Line of Sight: Track the Real Time Locations of Satellites

Elizabeth Borneman


Humans have had the ability to send objects into space since the beginnings of the 20th century. The first satellite was launched in 1957, the famous Russian Sputnik I was followed by the launching of satellites of American and global origin.

Today there are over 2,250 satellites surrounding the Earth, orbiting this incredible planet in silent consistency.

Satellites literally surround us. Not only are they up in the sky above us, but their influence allows us to conduct our lives as usual. Satellites beam our wireless networks, allow us to communicate, and transmit important information from one place to another. We rely on information from satellites to get our phone signal, to send a picture, and to gain information about the world around us.

Despite all this, satellites don’t always have a big visual impact on how we live our lives; they are abstract, in space, silent and often invisible entities. Now, however, we have the ability to see satellites from the comfort of our own homes.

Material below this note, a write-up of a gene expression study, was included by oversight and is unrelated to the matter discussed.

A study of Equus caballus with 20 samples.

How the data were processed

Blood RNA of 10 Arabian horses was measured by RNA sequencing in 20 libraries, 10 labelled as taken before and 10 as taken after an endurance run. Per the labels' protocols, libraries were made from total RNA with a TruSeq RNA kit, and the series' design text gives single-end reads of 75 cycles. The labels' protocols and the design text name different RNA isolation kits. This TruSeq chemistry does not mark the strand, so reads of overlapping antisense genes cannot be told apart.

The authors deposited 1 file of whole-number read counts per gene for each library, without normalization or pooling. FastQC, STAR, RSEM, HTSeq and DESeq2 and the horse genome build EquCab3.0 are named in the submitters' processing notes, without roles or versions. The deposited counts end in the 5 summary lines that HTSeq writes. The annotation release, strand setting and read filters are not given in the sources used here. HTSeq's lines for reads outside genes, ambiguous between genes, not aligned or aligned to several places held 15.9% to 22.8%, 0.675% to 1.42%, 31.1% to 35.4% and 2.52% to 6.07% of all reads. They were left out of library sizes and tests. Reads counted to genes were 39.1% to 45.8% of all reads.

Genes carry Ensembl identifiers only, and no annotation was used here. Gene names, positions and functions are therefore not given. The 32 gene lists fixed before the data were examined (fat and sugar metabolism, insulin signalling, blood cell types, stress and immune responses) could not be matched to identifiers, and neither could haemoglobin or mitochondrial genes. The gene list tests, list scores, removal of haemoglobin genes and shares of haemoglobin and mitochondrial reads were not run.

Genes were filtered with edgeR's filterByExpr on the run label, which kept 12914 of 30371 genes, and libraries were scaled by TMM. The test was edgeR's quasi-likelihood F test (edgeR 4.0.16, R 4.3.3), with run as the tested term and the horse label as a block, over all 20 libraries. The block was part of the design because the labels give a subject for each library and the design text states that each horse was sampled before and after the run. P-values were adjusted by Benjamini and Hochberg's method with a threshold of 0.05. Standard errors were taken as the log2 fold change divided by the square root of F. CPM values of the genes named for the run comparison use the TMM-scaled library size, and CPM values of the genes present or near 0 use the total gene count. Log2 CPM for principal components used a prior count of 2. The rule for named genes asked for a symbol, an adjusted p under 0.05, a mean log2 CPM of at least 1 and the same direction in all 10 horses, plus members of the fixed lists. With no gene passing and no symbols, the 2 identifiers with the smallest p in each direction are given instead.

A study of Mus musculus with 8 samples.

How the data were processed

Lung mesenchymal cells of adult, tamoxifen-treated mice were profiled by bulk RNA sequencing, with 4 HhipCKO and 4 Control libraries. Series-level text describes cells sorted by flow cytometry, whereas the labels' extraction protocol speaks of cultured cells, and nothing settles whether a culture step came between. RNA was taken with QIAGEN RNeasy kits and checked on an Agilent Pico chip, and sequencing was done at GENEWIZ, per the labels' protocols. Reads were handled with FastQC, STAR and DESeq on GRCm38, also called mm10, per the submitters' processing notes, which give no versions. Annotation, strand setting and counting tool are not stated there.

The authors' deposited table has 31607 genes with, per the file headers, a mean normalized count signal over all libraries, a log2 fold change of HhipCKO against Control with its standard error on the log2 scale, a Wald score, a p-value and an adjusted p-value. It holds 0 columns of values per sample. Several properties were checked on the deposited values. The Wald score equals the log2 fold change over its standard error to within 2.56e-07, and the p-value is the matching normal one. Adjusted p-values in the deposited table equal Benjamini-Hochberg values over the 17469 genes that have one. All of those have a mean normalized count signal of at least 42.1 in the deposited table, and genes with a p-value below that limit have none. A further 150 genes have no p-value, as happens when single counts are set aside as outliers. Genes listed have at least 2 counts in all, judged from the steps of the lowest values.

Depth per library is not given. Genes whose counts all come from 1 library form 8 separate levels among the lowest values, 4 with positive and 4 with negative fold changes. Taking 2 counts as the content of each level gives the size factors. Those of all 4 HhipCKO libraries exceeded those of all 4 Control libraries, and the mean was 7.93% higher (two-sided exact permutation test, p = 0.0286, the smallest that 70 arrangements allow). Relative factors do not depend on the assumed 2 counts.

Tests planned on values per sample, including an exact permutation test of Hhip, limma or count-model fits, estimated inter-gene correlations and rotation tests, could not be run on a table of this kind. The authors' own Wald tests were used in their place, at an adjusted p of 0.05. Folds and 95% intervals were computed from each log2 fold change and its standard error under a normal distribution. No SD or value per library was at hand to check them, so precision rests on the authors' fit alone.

With the Line of Sight map users can track satellites that fly above their homes and cities with just the click of a button. Gonzalez used data on satellites from various tracking companies to set up his map, which can tell you where and when satellites will pass over certain places. Satellites can move at approximately 17,000 miles an hour, but they can still be seen orbiting in space with the naked eye on a clear night.

Line of Sight tracks active and dead satellites as well as sizeable bits of space junk that continue to orbit consistently around the Earth. Parts of rockets can be seen, as can other pieces of space debris caught in the Earth’s gravitational pull. If you are curious about satellites and other objects orbiting around the Earth, Line of Sight provides more information about what you can see in the night sky above you. Check it out if you have the chance and be amazed at what is just above us in the sky.

Elizabeth Borneman
My name is Elizabeth Borneman and I am a freelance writer, reader, and coffee drinker. I live on a small island in Alaska, which gives me plenty of time to fish, hike, kayak, and be inspired by nature. I enjoy writing about the natural world and find lots of ways to flex my creative muscles on the beach, in the forest, or down at the local coffee shop.